One side, then the other from Times readers

February 02, 2013
  • Pedestrians and cyclists utilize the path that runs along Ballona Creek that is fenced off from "Area C" of the Ballona Wetlands that may become home to a new interpretive center.
Pedestrians and cyclists utilize the path that runs along Ballona Creek… (Los Angeles Times )

On any given issue, it's rare for letters sent to The Times to line up decisively on one side of the debate. But that's exactly what happened this week, when three controversial topics made headlines: a proposed interpretive center in the Ballona Wetlands, gun control and the priest sex abuse scandal in the Roman Catholic Archdiocese of Los Angeles.

The Times published two letters opposing the Ballona Wetlands construction. And the preponderance of letters we published on the sex abuse scandal and gun control also took one side. We did, however, get contrary opinions in reader responses to those letters. Here are counterpoints on all three issues.

Karen Haack of Los Angeles responds to the letters Wednesday on the Ballona Wetlands museum:

"Those who wrote to The Times in opposition to the Annenberg Foundation's proposed educational center should familiarize themselves with the area. The site involves about an acre (out of roughly 600) at the northeast edge of the 'wetlands' that, as stated in the article, is in poor condition. Technically, it is part of the wetlands, but would never be recognized as such.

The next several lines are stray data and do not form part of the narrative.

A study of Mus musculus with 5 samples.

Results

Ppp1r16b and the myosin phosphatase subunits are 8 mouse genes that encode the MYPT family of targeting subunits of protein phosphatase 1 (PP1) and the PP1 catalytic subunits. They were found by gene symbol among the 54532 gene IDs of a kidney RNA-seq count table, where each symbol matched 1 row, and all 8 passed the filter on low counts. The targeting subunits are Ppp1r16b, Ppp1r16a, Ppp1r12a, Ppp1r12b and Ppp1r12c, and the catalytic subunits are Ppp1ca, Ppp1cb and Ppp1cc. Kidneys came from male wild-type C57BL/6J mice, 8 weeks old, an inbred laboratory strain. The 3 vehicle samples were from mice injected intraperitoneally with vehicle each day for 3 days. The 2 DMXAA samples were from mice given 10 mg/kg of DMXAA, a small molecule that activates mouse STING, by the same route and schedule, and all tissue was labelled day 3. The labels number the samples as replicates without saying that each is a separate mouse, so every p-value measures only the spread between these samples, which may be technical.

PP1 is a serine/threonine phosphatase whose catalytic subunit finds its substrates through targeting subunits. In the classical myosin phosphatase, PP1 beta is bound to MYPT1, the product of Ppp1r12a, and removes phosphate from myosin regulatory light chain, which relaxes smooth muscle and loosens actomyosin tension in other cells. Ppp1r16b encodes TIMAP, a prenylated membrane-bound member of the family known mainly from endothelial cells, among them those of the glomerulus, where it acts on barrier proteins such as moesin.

"The idea that this is a 'theft' of public land is ludicrous, with the Annenberg Foundation footing the bill to the tune of $50 million to build the facility. This would be a terrific place for an educational center, easily accessible to the public, and would take nothing away from the wetlands. In these economic times, I am grateful that someone would provide the money for this facility. The state, which owns the wetlands, has other priorities."

Gerald Sozio of Los Angeles discusses Cardinal Roger M. Mahony:

"The outrage against Mahony from Times letter writers appears justified.

"But where is similar outrage vented against those in government who denied post-traumatic stress disorder in soldiers coming back from war? Where is the outrage against government officials who have stood by and watched our lands destroyed by oil and mineral extraction industries? Where is the outrage against officials who stand aside while big industry pollutes our air, land and water, which contributes to the general decline in the health of so many Americans?

"I say, 'Let he who is without sin cast the first stone.' And if God can forgive Mahony, then who are we to judge?"

Attorney Jeffrey C. Briggs responds to a letter Thursday comparing marijuana regulation to gun control:

"What part of 'constitutional right' do Times readers not understand? Marijuana use, like driving a car, is not a constitutional right, and thus can be regulated. The right to keep and bear arms, however, has its own membership in the Bill of Rights. That does not mean no limits on those rights, but restrictions on them are given strict scrutiny by the courts.

"We simply can't regulate any of our constitutional rights out of meaningful existence or they all will be threatened. But we can amend them if we want — a big difference, and hard to do, but thank goodness. Understanding that basic concept would move the debate along much faster."